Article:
See, Apple uses either Qualcomm's or Intel's telephony technologies for the disputed iPhones. But in order to be able to bring them back to Germany, the company is leaving Intel's modems out in the cold and swapping them with Qualcomm parts.
Qualcomm filed the lawsuit that spawned the injunction over a patent violation around envelope tracking, which is a feature that helps phones preserve battery while sending and receiving wireless transmissions. To be clear, Intel's modems aren't directly involved in the lawsuit. Qualcomm specifically named Apple supplier and semiconductor-maker Qorvo as the one that infringed on its intellectual property. It just so happened that Qorvo's chips are only present in iPhone devices with Intel modems.
The German court that sided with Qualcomm ordered the injunction in December 2018, so Apple hasn't been able to sell iPhone 7 and 8 devices in the country for almost a couple of months. Apple tried to fight the decision, but the chipmaker paid security bonds worth a whopping $1.5 billion to make sure the ban is enforced. The company is completely at Qualcomm's mercy in this particular case, and it might have decided to back down after an earnings miss due to selling fewer iPhones than expected.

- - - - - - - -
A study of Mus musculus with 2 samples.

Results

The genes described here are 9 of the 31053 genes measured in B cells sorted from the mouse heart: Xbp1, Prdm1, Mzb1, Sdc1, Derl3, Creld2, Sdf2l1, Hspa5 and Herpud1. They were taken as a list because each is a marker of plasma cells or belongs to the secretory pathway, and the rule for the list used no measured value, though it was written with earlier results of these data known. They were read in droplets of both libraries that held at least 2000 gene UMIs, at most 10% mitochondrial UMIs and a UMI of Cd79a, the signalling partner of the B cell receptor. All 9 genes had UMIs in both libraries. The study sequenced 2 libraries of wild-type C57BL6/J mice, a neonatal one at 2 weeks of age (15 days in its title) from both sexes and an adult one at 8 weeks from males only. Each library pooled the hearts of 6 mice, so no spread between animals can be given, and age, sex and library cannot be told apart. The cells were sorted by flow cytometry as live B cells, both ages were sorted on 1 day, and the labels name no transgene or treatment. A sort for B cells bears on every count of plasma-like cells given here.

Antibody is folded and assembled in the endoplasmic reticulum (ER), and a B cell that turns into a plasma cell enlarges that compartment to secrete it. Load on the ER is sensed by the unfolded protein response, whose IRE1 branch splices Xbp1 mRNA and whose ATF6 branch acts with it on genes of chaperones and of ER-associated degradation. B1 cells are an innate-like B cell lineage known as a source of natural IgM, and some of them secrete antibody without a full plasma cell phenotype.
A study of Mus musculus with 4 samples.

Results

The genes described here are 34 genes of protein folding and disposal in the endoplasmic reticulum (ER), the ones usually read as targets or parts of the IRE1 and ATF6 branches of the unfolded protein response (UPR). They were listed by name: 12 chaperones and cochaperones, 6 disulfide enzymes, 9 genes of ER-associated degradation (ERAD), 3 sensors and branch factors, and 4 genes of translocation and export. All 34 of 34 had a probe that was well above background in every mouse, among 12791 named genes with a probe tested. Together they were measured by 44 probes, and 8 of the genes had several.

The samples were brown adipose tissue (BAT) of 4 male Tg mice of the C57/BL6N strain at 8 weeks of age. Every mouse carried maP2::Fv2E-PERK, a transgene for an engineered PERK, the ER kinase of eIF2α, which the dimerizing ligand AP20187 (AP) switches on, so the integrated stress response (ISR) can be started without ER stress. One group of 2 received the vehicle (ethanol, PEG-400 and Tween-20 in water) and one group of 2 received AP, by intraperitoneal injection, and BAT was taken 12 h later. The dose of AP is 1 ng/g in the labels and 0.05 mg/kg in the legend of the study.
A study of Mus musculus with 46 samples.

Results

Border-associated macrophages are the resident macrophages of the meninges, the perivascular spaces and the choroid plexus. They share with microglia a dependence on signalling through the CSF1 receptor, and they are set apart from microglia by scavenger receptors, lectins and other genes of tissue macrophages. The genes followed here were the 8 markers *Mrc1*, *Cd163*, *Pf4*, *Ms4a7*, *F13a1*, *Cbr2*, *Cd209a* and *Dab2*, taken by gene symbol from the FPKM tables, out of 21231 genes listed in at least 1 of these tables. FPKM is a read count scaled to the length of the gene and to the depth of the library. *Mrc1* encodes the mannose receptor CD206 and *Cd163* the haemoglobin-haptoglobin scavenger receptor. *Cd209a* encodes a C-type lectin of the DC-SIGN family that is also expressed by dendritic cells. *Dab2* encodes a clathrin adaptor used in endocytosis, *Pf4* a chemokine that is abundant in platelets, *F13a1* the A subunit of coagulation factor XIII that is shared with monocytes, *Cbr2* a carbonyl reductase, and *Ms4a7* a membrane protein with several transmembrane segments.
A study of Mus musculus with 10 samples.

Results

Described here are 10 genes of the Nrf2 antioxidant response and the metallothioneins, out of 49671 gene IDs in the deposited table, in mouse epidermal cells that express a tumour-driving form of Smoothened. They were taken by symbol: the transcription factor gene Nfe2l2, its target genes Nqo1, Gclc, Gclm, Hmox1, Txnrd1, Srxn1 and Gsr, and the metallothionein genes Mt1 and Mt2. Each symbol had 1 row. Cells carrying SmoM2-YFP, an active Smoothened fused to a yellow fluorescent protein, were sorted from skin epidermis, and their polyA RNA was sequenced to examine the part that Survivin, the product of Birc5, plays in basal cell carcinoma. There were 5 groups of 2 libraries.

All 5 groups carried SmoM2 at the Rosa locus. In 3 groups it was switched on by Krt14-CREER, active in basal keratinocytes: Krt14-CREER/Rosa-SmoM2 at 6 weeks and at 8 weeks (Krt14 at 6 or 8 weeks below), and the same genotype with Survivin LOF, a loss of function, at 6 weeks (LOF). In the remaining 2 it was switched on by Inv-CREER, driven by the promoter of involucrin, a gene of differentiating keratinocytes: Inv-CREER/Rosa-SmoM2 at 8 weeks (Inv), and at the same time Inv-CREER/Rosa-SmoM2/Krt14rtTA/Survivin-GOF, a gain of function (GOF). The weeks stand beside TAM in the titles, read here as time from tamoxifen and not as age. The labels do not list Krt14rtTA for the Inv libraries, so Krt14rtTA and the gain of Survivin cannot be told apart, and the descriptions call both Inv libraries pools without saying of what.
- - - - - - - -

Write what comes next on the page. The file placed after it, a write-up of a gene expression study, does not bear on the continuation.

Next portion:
Even though the tech giant is playing Qualcomm's game in the European country, it's far from being back on friendly terms with the equipment-maker. It once said that Qualcomm is involved in illegal patent licensing practices to maintain a monopoly on mobile modem chips, and the statement a spokesperson gave Reuters shows that there's still no love lost between the two:
"Qualcomm is attempting to use injunctions against our products to try to get Apple to succumb to their extortionist demands."